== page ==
Q: I'm in the middle of the submission process to agents. Obviously I'm hoping at least one will want to represent me, but I'm also deathly afraid of making the wrong commitment with the wrong agent (in other words, signing a bad contract). Having a lawyer look over a contract is good advice, but I also fear that kind of expense. Do you know what the average cost would be to have a lawyer look over a contract and what kind of lawyer would you go to? —Anonymous
A: According to WD's legal expert, Amy Cook, if you do decide to hire a lawyer for an agent or publishing contract, be sure that person has experience with publishing law, or, at the very least, intellectual property law. A lawyer who practices in other fields may offer some basic feedback on your contract, but he won't know the ins and outs and is unlikely to understand details that are important to your financial future. Think of it this way: You wouldn't seek the advice of a poet on how to improve and sell your screenplay, right?
"Publishing contracts are very industry specific, so find someone who knows how to properly handle them," Cook says. "You can find a lawyer who fits this bill through your local bar association. Another really great choice for writers are organizations."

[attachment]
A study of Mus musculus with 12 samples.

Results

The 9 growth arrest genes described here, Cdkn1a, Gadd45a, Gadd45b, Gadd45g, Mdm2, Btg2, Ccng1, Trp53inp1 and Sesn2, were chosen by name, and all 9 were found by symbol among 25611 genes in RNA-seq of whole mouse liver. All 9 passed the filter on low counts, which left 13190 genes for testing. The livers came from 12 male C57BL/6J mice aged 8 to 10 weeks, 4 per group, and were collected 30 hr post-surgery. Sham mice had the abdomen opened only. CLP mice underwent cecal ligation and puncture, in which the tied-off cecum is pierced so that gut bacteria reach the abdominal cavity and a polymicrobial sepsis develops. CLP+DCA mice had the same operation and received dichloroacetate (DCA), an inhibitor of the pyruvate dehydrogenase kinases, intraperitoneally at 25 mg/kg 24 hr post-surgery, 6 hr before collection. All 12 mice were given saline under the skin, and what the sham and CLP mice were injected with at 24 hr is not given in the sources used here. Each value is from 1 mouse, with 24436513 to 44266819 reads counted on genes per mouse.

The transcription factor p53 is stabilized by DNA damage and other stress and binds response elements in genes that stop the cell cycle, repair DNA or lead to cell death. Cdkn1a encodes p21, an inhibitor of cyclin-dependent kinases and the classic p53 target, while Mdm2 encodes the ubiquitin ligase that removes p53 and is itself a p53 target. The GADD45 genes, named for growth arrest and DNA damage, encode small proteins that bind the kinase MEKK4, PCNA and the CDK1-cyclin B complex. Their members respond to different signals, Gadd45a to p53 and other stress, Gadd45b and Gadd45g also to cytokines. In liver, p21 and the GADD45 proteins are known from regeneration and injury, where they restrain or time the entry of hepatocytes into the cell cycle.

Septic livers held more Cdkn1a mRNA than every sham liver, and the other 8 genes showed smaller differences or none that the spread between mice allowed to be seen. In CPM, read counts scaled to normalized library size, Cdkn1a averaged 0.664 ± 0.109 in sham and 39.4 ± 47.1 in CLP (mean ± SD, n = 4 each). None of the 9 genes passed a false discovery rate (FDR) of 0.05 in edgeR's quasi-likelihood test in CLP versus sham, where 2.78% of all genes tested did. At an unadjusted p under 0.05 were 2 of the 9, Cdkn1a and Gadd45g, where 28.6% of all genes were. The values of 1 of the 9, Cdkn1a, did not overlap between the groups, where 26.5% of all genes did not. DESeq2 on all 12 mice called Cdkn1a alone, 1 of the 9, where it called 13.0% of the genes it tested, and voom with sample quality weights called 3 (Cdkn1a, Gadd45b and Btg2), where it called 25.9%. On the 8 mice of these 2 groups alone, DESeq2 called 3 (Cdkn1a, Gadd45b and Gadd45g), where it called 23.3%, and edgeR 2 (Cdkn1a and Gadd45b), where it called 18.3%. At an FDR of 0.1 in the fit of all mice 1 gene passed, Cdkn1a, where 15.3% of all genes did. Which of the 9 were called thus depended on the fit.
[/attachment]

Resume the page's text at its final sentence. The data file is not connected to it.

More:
Several writers' organizations that offer lawyers who specialize in publishing law are Chicago's Lawyers for the Creative Arts (www.law-arts.org), California Lawyers for the Arts (www.calawyersforthearts.org) and New York's Volunteer Lawyers for the Arts (www.vlany.org), among others. Any one of these groups can provide help or, at the very least, act as a starting point for you.
As far as costs are concerned, hiring a lawyer to review a contract can be pricey, ranging from $300-1000 depending on the lawyer's hourly rate and the contract's complexity. It can be even pricier if you want them to actually negotiate to contract for you, falling somewhere between $500-3000. But if you contact any of the above organizations you may qualify for reduced cost (or even free) legal help.
Ultimately the decision to get a lawyer's advice is up to you. It's always a good idea to have an expert review any binding legal document, but, like all other forms of security, it comes with a price. You just have to decide if it's worth it for your book.
Brian A. Klems is the online managing editor of Writer’s Digest magazine.
Have a question for me? Feel free to post it in the comments section below or e-mail me at WritersDig@fwpubs.com with “Q&Q” in the subject line. Come back each Tuesday as I try to give you more insight into the writing life.